UofL Health's chief medical officer said the 3 vaccines on the market are all still effective against the rapidly spreading Delta variant.

LOUISVILLE, Ky. — Pfizer's leaders met with U.S. health officials to discuss the authorization for the use of a third dose of the Pfizer coronavirus vaccine, but local health experts believe more information is needed before people start lining up for a booster shot.

"Would an emergency use authorization come for a third dose? I think that's going to be a difficult proposition for them to get through, particularly when we still have a large portion of our own country that has still not gotten the vaccine," said Dr. Jason Smith, UofL Health's chief medical officer.

Smith said a booster shot for vaccines are not uncommon, but they are usually deployed when the vaccine's efficacy has worn off or it becomes ineffective against new variants of viruses. Smith said at this point, the three vaccines on the market in the United States — Pfizer, Moderna and Johnson & Johnson — are all still effective against the rapidly spreading Delta variant.

"If we begin to see a large influx of people that get a vaccine with this first group that then develop COVID, which we are currently not seeing, that would be the next indicator that, hey, we need to start doing a booster because more and more people are starting to phase out of their immunity," he said.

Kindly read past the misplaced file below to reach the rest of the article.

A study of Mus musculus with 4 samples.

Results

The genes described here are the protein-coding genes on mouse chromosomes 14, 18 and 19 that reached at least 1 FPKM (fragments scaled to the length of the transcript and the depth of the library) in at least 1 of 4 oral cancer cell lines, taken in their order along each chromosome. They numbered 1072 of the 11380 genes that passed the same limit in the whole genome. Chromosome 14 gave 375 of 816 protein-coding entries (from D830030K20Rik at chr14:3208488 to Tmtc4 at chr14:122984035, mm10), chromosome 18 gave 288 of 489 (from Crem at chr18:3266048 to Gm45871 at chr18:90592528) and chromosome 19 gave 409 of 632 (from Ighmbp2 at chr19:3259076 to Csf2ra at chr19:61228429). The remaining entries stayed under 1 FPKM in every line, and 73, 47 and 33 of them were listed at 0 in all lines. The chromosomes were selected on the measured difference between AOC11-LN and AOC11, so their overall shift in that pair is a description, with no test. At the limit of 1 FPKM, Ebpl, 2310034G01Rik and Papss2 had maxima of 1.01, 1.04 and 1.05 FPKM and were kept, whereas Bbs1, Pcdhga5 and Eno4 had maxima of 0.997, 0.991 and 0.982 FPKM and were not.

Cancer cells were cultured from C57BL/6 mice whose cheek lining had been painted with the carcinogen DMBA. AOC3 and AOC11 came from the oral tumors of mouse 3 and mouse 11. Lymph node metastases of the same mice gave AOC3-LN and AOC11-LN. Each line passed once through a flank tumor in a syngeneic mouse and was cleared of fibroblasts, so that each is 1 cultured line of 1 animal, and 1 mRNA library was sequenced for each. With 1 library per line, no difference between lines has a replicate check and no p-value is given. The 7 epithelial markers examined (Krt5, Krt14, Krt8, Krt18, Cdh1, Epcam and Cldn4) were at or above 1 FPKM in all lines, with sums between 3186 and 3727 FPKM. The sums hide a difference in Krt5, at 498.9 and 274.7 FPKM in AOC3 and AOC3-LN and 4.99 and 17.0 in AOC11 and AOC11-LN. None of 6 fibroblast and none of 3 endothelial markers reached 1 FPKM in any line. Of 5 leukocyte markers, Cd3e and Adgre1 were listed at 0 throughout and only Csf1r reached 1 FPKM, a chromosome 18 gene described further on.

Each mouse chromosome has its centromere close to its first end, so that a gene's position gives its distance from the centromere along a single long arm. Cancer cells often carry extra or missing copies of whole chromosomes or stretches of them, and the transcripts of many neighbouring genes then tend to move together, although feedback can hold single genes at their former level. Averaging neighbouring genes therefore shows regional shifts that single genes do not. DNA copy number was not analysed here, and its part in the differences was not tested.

Israel became the first country to offer a third dose of the Pfizer vaccine to adults who are severely immunocompromised. Smith said with more than half of the U.S. population still without their first coronavirus vaccine dose, it will be tough for Pfizer to receive emergency authorization for a booster.

"The bigger question becomes what's it going to take to feel safe and comfortable about getting the vaccine because it is by far the most protection that we have for all the variants that we are currently seeing," he said.

Smith said if the vaccines start wearing off, the first wave of vaccinated people who would be affected will be first responders and healthcare workers. As the very first Kentuckian to receive a COVID-19 vaccine, Smith said he will be ready if the science and data show there is a need for a booster.

"When and if a booster is required, I will be happy to step up and get a booster if that's what we need," he said, "I just think we will have to have some more information brought to us objectively to say that's what's going to be required."